The grounds of Salt Lake City's historic Fort Douglas and This Is the Place Heritage Park were alive with cannon fire, music and fundraising efforts on Saturday in an annual celebration of Flag Day.
This year's slate included support groups for members of the armed services, as well as lectures, Civil War re-enactors and displays of historic military vehicles and memorabilia throughout the day, culminating with a 1940s musical performance and swing dancing Saturday evening.
The Utah-based group Letters To Soldiers hosted one section of the gathering with booths for attendees to write or video message deployed troops. Denise Devynck of Orem started the organization about 17 months ago when her fiance was beginning his fourth tour in Iraq. She said she came to realize how many of the soldiers were missing out on tidings from family and friends.
"Four thousand guys who have been on three tours already are scheduled for a fourth, and half of them don't get anything from home," Devynck said. "I decided to go all over Utah ... to every festival and school and everywhere I could think of to get the word out."
Devynck, in addition to getting letters to soldiers overseas, was working on raising funds Saturday to ship a large batch of donations her group had received.
"We have 11 pallets of Tahitian Noni soft chews (snack bars) and 11 pallets of Neways personal products that have been donated for the troops," Devynck said. "We need to raise $5,000 to get this stuff shipped." A variety of sponsors donated food and beverages toward the organization's fundraising effort.
Amber Bridenstine from Sunset and Nicole Borba from Clearfield stopped by a video-messaging booth. They sent a message to their friend, David Audette, who is one month into his current five-month tour in Iraq. Both were excited about the chance to get word to their friend.
"We told him he's awesome and we're both proud of him," Bridenstine said
"Being able to send him a video was way cool. .. . We miss him," Borba added. Another participant in Saturday's event was the Utah Freedom Memorial group, a recently formed nonprofit dedicated to raising up to $1 million to create a soldiers memorial in Utah. The group's charity motorcycle ride involved more than 200 riders who made a loop from This Is the Place Heritage Park to Tooele and back. Scott Trudo, one of the group's founders, said he was motivated to do something to honor those in service by questions his son had about the war in Iraq.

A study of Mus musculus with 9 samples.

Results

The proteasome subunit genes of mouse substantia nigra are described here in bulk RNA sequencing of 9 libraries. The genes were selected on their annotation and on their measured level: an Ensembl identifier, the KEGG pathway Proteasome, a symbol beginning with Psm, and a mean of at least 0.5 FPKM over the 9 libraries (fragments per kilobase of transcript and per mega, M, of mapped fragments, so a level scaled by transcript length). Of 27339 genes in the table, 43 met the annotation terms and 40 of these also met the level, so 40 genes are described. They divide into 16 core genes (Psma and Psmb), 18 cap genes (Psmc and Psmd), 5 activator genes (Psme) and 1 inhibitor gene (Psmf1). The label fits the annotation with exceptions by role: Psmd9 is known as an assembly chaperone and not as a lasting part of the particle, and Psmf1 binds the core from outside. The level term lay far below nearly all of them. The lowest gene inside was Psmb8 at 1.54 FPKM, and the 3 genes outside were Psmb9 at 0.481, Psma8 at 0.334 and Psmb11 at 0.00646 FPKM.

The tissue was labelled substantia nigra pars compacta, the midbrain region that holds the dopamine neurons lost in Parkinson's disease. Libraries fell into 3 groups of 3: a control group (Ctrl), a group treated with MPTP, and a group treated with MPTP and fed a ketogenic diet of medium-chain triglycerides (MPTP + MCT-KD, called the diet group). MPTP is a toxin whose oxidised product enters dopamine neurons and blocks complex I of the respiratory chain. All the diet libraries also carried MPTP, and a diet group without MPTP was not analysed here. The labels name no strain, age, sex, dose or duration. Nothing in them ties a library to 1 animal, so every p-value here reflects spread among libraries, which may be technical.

"My son asked me what was going on and why people were over there," Trudo said. "I realized our children and youth don't really understand what the cost of freedom is."
Trudo said former Salt Lake County Mayor Nancy Workman put him in touch with others who helped get the group off the ground. Saturday's ride was the first event aimed at raising funds for the memorial, and Trudo said the group had also garnered support from Utah Gov. Jon Huntsman Jr., as well as Lt. Gov. Gary Herbert.
Trudo manages the Riverton Wal-Mart and said his company is one of a number of corporate sponsors of the memorial project.
Musical performances accompanied the day's activities and included local bands, singers and the 23rd Army Band. Morgan musician Lantern Lane performed her song "My Prayers Are With You, Soldier" to a crowd gathered on Fort Douglas' Stilwell Field. Lane said the motivation for the song was her feelings following the attacks on the U.S. in 2001.
"I wrote this song after 9/11," Lane said. "I knew after what happened that troops would be sent, ... and I just sat down at my piano and wrote it."
Lane has dedicated proceeds from her CD sales to supporting troops in Iraq, including making surgical scrubs for a deployed military medical team. She said she hopes her music will help people remember and think about what service members are doing for the country. "My heart just goes out to the military," Lane said. "I don't think we appreciate them enough for what they do, how long they're gone and the sacrifices they make."